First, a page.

2D CPA for predicting sudden cardiac death – The more you see, the more you save?
Heart attacks may cause scars and the presence of scar tissue raises the risk for dangerously fast heart rhythms and sudden cardiac death. This seems to be a simple enough chain of events, but it presents a tricky problem in routine clinical assessment. Scarring is often difficult to see in conventional ultrasound images, thus it is almost impossible to identify all patients at risk. doctors and researchers at Flinders university in adelaide, australia, are addressing this difficulty with the TOMTEC 2D CPA (Cardiac Performance Analysis) software. and they have achieved excellent results so far, as Flinders sonographer and researcher Dr. Rebecca Perry, reports.
Due to this vendor-neutrality we can perform accurate and reproducible analyses on images obtained on any platform using a single software package. We can then trust that any change in the strain detected is pathological rather than from differences in analysis software.
"Thanks to improvements in 2D speckle tracking algorithms, strain technology has improved to a point where we can analyze strain in over 90 percent of cases,” said Dr. Perry, who has extensive experience in advanced echocardiography. She pointed out more details of 2D CPA*: “Studies have shown that using left ventricular ejection fraction has limitations for selecting patients who will benefit from an implantable cardioverter-defibrillator, a device that can shock patients out of a dangerously fast heart rhythm. Using 2D CPA we can look at differences in the timing of peak strain in each region of the left ventricle which we believe can demonstrate scar burden.” The findings of the Australian research team could revolutionize the treatment of heart failure patients and the prevention of sudden cardiac death: Today, current guidelines for cardioverter-defibrillator implantation exclude most patients with mild or moderate left ventricular dysfunction. Using this technology may identify patients at higher risk of sudden cardiac death which could lead to new treatment paths for those patients that currently miss out on defibrillator therapy.
2D CPA in clinical settings
At Flinders University, though, 2D CPA is not only used for highly relevant research. At the Medical Center cardiologists and sonographers like Rebecca Perry use TOMTEC technology to assess the heart of patients undergoing chemotherapy. The institution – like more or less all tertiary care hospitals – is working with a multi-vendor fleet of medical technologies. The limiting step in strain reproducibility has been shown to be in the speckle tracking analysis software rather than the ultrasound equipment itself. Most companies offer their own, vendor-specific packages for speckle tracking strain analysis but for reproducible follow-up studies the patient must be scanned using the same machine, logistically extremely difficult in most busy centers. In addition to the unique analysis options the TOMTEC 2D CPA package offers, its vendor-independent architecture is essential for the work of the sonographers, researchers and cardiologists. “Due to this vendor-neutrality we can perform accurate and reproducible analyses on images obtained on any platform using a single software package. We can then trust that any change in the strain detected is pathological rather than from differences in analysis software,” Dr. Perry stresses.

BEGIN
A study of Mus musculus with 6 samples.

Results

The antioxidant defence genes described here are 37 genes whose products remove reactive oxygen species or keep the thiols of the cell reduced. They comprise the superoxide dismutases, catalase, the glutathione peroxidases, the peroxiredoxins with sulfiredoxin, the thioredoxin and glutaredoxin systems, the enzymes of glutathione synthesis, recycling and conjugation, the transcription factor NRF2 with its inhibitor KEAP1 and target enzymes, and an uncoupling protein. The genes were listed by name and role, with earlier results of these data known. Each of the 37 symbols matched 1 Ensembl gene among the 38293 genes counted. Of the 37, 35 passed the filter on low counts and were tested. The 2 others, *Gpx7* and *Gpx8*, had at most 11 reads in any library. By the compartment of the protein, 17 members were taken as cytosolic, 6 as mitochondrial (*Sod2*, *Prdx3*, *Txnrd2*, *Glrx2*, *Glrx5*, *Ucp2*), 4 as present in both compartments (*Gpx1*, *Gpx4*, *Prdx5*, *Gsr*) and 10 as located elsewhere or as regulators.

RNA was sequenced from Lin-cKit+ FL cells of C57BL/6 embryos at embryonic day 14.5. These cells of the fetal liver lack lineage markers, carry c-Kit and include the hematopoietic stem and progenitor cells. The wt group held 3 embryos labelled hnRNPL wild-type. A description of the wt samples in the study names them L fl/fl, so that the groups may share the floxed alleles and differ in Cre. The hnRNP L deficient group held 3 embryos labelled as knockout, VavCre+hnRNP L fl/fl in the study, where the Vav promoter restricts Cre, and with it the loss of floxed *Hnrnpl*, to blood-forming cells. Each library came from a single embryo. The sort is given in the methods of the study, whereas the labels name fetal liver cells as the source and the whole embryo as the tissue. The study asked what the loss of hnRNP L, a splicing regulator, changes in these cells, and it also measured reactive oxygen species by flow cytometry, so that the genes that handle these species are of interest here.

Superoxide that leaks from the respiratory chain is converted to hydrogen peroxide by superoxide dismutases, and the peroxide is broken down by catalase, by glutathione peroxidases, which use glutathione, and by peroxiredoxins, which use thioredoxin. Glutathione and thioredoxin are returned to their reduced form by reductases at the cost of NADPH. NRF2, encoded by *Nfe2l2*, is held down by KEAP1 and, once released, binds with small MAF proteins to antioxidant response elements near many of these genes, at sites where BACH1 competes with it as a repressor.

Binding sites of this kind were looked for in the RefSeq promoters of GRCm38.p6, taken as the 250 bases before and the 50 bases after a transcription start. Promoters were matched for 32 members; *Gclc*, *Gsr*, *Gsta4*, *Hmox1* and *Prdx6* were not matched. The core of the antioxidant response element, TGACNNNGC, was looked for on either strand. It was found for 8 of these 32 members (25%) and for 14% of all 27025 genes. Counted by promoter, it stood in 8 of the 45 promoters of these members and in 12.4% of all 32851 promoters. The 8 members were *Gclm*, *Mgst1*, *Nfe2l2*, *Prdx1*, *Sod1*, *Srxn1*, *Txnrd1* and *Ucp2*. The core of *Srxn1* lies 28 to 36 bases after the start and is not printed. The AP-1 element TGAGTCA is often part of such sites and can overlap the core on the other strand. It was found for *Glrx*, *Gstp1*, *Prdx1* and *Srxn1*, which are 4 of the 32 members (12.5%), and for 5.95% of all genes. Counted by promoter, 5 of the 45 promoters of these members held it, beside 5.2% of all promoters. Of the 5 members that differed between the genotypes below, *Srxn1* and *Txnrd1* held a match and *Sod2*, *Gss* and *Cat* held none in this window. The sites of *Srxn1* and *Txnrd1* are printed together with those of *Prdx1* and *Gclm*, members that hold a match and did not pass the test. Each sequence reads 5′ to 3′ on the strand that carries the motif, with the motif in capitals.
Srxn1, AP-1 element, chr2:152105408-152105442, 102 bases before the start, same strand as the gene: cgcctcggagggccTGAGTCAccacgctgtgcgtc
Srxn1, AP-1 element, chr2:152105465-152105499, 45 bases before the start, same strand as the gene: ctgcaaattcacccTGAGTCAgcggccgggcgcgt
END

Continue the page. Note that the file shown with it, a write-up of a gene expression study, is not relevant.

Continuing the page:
Another important key feature: TOMTEC can perform strain analysis on standard 2D DICOM rather than large raw data images. That means much less storage capacity is needed and analysis can be performed retrospectively. The analyzed images can then be imported/exported from and back to the PACS for permanent storage.
In order to verify that DICOM images originally acquired by systems from different vendors can be successfully analyzed with a single software package, the Flinders team performed a small in-house study with 60 patients. Half of them were scanned on a machine from one vendor, the other half with that of a different vendor. First, the images of both groups were analyzed with the vendor-specific software and in a second step all images were analyzed firstly in raw data and then DICOM format with TOMTEC. “The reproducibility was fantastic. We were extremely happy with the comparison between the raw data and the DICOM image analysis,” Dr. Perry reports.
The vendor-neutral, DICOM-based process reveals another advantage: Doctors can work from wherever they are and are not ‘chained’ to a specific workstation. Images can even be displayed bedside on a mobile device and discussed with the patient thus enhancing patient-physician communication.
For the Australian research team the potential of the TOMTEC software has not even been fully explored yet. Dr. Perry: “I think that we are just starting to open up the potential of left ventricular strain and then of course there is right ventricular and left atrial strain – what do they mean and how can they be predictive? We are now eager to find answers to questions such as “How can we manage patients better? How can we intervene right now in patients who show reduced strain but normal function? Will it be possible to treat those patients for heart failure before they actually show symptoms?”
Finding answers to those questions can potentially save lives. However, and this is crucial for any healthcare system around the globe, they can also save money, for example by avoiding re-hospitalizations. Reason enough for the Flinders researchers to continue their studies which might be game changers for the prospects of cardiac patients and the efficiency of healthcare systems.